Gene (Bislig, Tanauan, Leyte)

I am still terrified to remember what had happened.

The storm came early in the morning. Everything went white. It was like we were covered with pressurized water, a sort of strong mist, the same with what would usually come out in car washers. Then the sea rose, it rose fast to about 6 feet, and it struck us. The water swept thru the houses and the winds carried the roofs as it moved reaching the national highway. Everything along the coast were swept away. I even had to swim to survive, luckily I managed to grab an empty water gallon and never let go of it. The water volume then stayed as such for about 30 minutes before it went back to the seas.


Aid only came six days after the typhoon. Before that, we were hungry, thirsty and homeless. I myself looted fish for the hunger was unbearable. We would stop those stranded trucks from Mindanao carrying fish for Tacloban and maybe to ome other parts in Leyte. There was even an incident in Tolosa where a looter was stabbed by his fellow looter for not sharing the spoils in the gasoline station they took over. As far as I know every gasoline station in this area down to Tacloban was looted. Looted gasoline prices were pegged at Php 150-250 a liter. Looting was usually conducted by small groups and when successful the community would then join in take whatever they can.

As far as relief distribution is concerned I must say there is still politicking. Although it can't be seen blatantly one could feel there is something amiss as political affiliations play a role. As you may know, our barangay captain here is a not of the same political party of that of the Mayor.  Lucky for us here, one of the board members of the province lives in this community and had direct links in Manila thus making it possible to directly communicate with help even without passing through the province. They even questioned my intention when I went to visit the Municipal hall and took some tarpaulin for shelter for our barangay because the captain was busy.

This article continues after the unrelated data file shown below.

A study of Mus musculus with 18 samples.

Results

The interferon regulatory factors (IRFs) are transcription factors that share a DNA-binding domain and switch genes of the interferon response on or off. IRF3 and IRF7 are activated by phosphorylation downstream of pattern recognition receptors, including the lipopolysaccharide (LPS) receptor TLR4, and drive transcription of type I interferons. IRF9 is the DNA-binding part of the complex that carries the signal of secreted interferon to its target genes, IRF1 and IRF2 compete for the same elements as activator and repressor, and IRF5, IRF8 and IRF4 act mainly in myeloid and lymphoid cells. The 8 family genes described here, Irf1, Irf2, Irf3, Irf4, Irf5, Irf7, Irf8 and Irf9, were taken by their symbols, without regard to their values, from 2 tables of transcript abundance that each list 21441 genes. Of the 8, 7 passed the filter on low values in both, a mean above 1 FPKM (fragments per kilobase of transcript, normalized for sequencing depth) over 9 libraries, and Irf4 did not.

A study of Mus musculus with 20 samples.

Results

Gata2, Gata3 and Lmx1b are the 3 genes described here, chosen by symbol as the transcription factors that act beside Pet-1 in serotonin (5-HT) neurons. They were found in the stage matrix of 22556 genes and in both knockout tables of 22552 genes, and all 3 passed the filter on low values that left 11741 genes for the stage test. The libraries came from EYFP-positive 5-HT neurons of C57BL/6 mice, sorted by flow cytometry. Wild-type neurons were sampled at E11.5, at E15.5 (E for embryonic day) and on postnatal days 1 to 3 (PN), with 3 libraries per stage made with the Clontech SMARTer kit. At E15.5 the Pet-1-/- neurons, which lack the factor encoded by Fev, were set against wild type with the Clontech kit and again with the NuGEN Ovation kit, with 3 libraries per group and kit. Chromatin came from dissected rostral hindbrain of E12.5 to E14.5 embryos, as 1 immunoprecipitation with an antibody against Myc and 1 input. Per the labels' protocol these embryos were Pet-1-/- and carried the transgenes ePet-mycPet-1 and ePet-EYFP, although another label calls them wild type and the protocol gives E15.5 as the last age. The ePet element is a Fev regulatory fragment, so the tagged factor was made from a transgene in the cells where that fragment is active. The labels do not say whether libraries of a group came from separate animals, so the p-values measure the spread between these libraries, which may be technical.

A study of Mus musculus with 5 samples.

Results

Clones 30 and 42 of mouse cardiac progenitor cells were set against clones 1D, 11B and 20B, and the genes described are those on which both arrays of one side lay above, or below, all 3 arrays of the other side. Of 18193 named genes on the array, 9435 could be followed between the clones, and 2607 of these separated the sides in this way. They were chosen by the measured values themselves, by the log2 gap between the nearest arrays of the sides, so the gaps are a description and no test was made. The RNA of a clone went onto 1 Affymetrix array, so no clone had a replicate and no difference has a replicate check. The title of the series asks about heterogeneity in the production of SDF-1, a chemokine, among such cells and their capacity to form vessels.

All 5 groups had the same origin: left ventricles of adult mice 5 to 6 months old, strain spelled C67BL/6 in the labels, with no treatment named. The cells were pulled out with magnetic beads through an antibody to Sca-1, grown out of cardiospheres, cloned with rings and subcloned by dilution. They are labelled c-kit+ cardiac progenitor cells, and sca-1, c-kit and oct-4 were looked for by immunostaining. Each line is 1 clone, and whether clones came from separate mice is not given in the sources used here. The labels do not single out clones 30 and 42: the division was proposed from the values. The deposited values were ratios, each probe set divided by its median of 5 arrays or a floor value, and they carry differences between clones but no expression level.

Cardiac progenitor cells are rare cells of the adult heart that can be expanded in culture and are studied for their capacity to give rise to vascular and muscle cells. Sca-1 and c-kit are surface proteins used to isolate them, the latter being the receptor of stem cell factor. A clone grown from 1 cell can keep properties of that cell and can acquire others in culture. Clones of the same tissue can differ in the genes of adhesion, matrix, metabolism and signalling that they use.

We never expected the destruction.
Imelda Bacatyo (Palo, Leyte)

We knew it was coming, but we never expected it to be like this, we never expected the destruction.

The LGU told us that a signal number 4 storm was going to hit us, you may say we are already kind of accustomed to storms hitting us. We thought it would be just like any other storm but just at signal number 4.

It happened around 6 in the morning and ended at about at 11. I felt the day was turned into night. The waves that came at us were about 10 feet high. The winds were howling and somewhat hovering and encircling us. I thought I was going to die. Someone actually pulled me out of the water and made me hold our roof trusses. If I haven't managed to grab a hold of our house's roof trusses I would've been dead by now.

My child was even swept away from our house and into the other side of the highway. If it weren't for the roof on that store over there, I don't know where he would be. But he stil took a a wound on his left eye. Me and my husband even have these scars brought about by our struggles to stay afloat and protected from the debris.

Do you see that building there (points at the Gabriela Party List building) thirteen people died there on the onset of the storm. What happened was glass windows shattered on the second floor of the building due to the strong winds. The people inside then panicked and went down and there they were met by the fast rising water and drowned and some were slammed around.

The good thing with the residents in this community is we would help each other when aid would arrive.